China has accused the United States of "political manipulation" after prosecutors on Monday brought criminal charges against Huawei and its chief financial officer Meng Wanzhou for allegedly conspiring to violate US sanctions on Iran.
The lawsuit will cast a pall over a second round of trade talks starting today in Washington. The US aims to pin China down on forced technology transfer and intellectual property theft, among other things, during the two-day meeting.
In a strongly worded statement - released hours after the US Justice Department charged the Chinese technology giant and Meng with defrauding banks to evade sanctions on Iran and stealing trade secrets from an American competitor - Chinese Foreign Ministry spokesman Geng Shuang urged the US to "stop unreasonable suppression of Chinese companies", saying China will resolutely defend the legitimate rights and interests of its enterprises.
"For some time, the US has used state power to discredit and crack down on specific Chinese companies in an attempt to stifle the legitimate operations of enterprises. There are strong political attempts and political manipulation behind them," Mr Geng said yesterday.
He also urged the US to revoke Meng's arrest warrant and Canada to release her immediately. Meng is out on bail in Vancouver pending a court hearing next week.
The charges are part of a broader crackdown on Huawei over fears that its technology is being used to spy on the US and others, and over larger unhappiness that China is competing unfairly in the global economy by stealing trade secrets from Western companies.
But in China, the charges are viewed and painted as US attempts to suppress its technological rise.
US officials stressed that the charges against Huawei and Meng are separate from the high-stakes talks with China.
"They are a totally separate process. The negotiations on the trade front will continue to be ongoing," White House press secretary Sarah Sanders said at a briefing.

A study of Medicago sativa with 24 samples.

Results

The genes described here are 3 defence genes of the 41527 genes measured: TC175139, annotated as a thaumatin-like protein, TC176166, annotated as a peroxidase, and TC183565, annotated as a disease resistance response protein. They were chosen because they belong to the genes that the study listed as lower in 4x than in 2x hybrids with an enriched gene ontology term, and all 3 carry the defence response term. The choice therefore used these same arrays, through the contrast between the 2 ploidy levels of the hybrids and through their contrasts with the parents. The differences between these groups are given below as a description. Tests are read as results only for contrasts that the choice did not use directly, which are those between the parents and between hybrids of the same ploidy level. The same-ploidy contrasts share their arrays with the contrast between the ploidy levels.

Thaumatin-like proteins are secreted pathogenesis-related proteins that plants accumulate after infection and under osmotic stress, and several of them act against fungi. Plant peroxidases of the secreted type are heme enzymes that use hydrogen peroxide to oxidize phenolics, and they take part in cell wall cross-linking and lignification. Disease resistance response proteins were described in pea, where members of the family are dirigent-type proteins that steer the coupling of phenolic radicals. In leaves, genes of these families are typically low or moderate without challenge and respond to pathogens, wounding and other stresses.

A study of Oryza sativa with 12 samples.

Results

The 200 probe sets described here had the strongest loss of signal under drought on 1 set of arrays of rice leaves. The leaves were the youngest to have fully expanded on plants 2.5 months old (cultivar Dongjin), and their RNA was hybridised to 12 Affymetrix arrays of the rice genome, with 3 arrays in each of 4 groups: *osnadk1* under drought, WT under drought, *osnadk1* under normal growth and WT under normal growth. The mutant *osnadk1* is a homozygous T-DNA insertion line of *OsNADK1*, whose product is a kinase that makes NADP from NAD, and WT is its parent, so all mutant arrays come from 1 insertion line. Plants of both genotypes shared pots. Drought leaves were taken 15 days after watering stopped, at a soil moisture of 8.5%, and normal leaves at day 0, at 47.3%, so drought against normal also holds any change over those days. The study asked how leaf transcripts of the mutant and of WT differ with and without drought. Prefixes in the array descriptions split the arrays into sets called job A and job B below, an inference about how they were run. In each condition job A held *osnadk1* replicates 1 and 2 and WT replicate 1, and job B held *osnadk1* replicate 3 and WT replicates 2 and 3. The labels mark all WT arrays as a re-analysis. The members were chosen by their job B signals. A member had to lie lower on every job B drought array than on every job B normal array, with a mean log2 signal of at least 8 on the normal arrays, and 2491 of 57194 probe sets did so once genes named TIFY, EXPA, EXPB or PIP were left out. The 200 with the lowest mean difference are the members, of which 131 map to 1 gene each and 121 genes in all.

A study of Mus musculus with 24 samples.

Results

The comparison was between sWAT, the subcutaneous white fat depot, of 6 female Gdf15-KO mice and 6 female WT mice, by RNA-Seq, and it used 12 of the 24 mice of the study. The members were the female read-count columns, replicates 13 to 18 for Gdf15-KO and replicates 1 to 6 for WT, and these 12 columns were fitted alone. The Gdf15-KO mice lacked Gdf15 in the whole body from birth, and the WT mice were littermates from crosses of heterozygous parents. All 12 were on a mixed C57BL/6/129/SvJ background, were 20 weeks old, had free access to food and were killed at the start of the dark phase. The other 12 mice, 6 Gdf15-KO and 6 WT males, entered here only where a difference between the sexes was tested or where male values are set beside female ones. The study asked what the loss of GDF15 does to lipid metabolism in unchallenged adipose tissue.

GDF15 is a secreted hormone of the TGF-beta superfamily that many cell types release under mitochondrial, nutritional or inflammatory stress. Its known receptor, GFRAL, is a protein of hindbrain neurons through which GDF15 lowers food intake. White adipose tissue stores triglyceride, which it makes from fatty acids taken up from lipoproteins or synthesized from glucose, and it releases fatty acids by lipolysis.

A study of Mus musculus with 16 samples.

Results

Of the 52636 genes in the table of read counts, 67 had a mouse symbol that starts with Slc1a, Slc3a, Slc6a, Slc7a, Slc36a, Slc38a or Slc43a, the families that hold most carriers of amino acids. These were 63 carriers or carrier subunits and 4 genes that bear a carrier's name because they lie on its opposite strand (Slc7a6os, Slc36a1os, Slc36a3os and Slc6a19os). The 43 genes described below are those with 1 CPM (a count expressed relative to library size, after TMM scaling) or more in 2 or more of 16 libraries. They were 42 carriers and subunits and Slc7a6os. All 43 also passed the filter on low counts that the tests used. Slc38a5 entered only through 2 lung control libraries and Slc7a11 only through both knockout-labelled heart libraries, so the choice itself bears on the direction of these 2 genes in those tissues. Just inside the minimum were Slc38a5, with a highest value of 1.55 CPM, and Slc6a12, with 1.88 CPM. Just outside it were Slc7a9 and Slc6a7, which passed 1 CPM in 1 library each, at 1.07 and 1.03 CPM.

China also downplayed the impact the legal wranglings might have on the talks, saying both sides should work together to bring to fruition the consensus reached between US President Donald Trump and Chinese President Xi Jinping last month.
But analysts believe otherwise.
"The trade talks are not just about trade, investments, goods and services or market access. More importantly, they are also about US-China competition over technology. This issue is part and parcel of that tech war between the two countries," said Associate Professor Li Mingjiang, coordinator of the China programme at the S. Rajaratnam School of International Studies.
"No matter what the Americans say, the Chinese will link the issue with their tech rivalry and believe the US government and legal institutions are doing all this simply for the purpose of curbing China's tech advancement."
Meng's arrest in Vancouver on Dec 1 last year, at the request of the US, sparked a diplomatic row. The US authorities, who have filed a formal extradition request, stressed that the charges were allegations, and that the defendants were presumed innocent until proven guilty beyond a reasonable doubt in a court of law.
Huawei rejected the accusations, saying it was disappointed to learn of the charges brought against it.
"The company denies that it or its subsidiary or affiliate has committed any of the asserted violations of US law set forth in each of the indictments," a Huawei spokesman told The Straits Times in a statement, adding that Huawei "is not aware of any wrongdoing by Ms Meng, and believes the US courts will ultimately reach the same conclusion".